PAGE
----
Image: State Representative Steve Toth (left), Republican of Conroe, one of the most effective members of the Texas Legislature both during and outside of the Legislative Sessions, shown with State Senator Brandon Creighton (right), Republican of Conroe, on the Third Floor of the Texas State Capitol on May 19, 2019, as they celebrated the passage of the JD Lambright Local Government Reform Act, which they had authored.
The Golden Hammer Staff Reports
Houston and Conroe, November 3 – State Representative Steve Toth, Republican of Conroe and one of the plaintiffs in a lawsuit filed against Harris County Clerk Chris Hollins to force Hollins to close his illegal drive-thru voting locations, declared victory after Hollins closed nine of the ten drive-thru locations before Election Day voting began today. The only drive-thru voting location which remains in Harris County is at the Toyota Center in downtown Houston, the one site which is in a neutral, rather than a heavily Democratic location.
Toth, Steve Hotze, M.D., a conservative political activist, and two candidates running for political office in the November 3 General Election filed two lawsuits seeking a writ of mandamus to require Hollins to shut down the drive-thru voting locations, which the Texas Elections Code does not authorize. Hollins, who happens to be the Vice Chairman of the State Finance Committee of the Texas Democratic Party, had placed nine of the voting locations in heavily liberal Democratic parts of Harris County.
On Sunday, November 1, the Texas Supreme Court refused to hear Toth’s and the other plaintiffs’ case, without providing any explanation for the denial.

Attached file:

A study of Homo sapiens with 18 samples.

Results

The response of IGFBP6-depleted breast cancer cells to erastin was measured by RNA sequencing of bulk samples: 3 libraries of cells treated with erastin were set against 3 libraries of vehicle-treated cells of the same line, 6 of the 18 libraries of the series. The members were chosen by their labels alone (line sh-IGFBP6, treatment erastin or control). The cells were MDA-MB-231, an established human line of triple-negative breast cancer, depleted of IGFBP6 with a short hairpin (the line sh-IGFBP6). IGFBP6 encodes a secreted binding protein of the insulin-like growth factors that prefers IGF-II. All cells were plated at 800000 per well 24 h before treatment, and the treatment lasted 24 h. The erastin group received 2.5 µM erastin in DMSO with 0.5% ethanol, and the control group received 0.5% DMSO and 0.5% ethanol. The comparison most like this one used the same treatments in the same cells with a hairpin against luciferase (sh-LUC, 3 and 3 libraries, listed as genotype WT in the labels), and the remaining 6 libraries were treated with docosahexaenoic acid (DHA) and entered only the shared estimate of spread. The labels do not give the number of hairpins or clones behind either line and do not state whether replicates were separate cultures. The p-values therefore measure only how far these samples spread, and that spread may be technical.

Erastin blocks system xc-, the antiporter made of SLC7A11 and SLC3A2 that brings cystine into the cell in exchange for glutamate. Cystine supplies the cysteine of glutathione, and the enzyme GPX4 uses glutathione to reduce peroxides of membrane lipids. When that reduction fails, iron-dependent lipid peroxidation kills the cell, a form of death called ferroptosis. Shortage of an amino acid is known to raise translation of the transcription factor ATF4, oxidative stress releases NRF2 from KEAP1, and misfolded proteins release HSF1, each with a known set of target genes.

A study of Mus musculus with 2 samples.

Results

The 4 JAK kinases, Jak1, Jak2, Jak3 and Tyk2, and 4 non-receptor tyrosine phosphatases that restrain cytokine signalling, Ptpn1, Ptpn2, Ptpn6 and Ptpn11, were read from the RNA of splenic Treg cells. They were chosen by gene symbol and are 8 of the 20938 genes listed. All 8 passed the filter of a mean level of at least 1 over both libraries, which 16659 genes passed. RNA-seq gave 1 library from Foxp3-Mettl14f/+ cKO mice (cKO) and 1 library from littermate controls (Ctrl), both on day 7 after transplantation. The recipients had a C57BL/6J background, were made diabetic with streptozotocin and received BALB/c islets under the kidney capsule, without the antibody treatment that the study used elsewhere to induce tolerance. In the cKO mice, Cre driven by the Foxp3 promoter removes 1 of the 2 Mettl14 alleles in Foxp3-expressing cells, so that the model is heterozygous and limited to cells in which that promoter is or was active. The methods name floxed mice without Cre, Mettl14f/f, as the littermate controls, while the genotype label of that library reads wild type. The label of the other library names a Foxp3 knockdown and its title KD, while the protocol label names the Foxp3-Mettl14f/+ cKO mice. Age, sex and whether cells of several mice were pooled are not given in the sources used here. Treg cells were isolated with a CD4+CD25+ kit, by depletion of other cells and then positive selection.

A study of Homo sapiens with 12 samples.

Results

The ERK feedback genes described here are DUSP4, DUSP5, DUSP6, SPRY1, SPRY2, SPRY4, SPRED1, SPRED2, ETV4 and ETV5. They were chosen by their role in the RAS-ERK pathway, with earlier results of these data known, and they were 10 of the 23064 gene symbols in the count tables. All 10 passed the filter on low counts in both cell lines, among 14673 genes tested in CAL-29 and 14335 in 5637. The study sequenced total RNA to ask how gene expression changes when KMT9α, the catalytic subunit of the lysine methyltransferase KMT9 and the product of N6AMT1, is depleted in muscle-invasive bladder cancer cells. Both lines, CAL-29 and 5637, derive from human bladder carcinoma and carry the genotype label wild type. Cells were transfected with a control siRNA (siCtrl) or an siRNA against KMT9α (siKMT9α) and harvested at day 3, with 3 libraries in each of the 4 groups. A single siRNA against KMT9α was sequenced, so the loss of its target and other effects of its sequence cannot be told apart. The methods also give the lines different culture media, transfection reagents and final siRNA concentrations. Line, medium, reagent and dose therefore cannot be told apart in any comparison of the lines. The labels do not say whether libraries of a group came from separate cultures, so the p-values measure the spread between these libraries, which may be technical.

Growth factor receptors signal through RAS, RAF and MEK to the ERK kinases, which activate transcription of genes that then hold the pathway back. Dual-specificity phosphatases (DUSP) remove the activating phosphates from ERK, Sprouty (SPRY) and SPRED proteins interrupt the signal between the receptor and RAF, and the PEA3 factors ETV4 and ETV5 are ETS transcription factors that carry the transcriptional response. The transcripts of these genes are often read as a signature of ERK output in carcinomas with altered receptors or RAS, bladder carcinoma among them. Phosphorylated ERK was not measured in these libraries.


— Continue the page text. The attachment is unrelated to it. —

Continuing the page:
On Monday morning, November 2, however, United States District Judge Andrew Hanen of the Southern District of Texas, Houston Division, of federal courts, conducted an oral hearing in downtown Houston. Hanen ruled against Toth and his co-plaintiffs, because the judge determined they lacked standing. Nevertheless, Toth and Hotze made clear they intended to file an emergency appeal to the United States Court of Appeals for the Fifth Circuit in New Orleans.
Hanen made clear in his written he denied the relief Toth and the other sought, because they lack the standing to bring their claims. (That is a questionable ruling at best.)
Nevertheless, Judge Hanen ruled, “On Election Day, as opposed to early voting, there is no legislative authorization for movable structures as polling places. The Election Code makes clear that, on Election Day, ‘[e]ach polling pace shall be located inside a building.’…if Plaintiffs had standing, the Court would have found that the continuation of drive-thru voting on Election Day violates the Texas Election Code.” Judge Hanen concluded that he would have issued an injunction against Hollins, if the plaintiffs had had standing.
While Toth and the other plaintiffs filed an appeal to the Court of Appeals, Hollins reacted appropriately (for once) and decided early this morning to shut down the drive-thru voting locations in tents. The one drive-thru voting location in a building, the Toyota Center in downtown Houston, will remain open during Election Day.
“We fought for Equal Protection and the rights of all Texas citizens. It was a great victory for all!” Toth told The Golden Hammer in an exclusive interview this morning.
The order from Hollins informing Harris County Election Judges follows.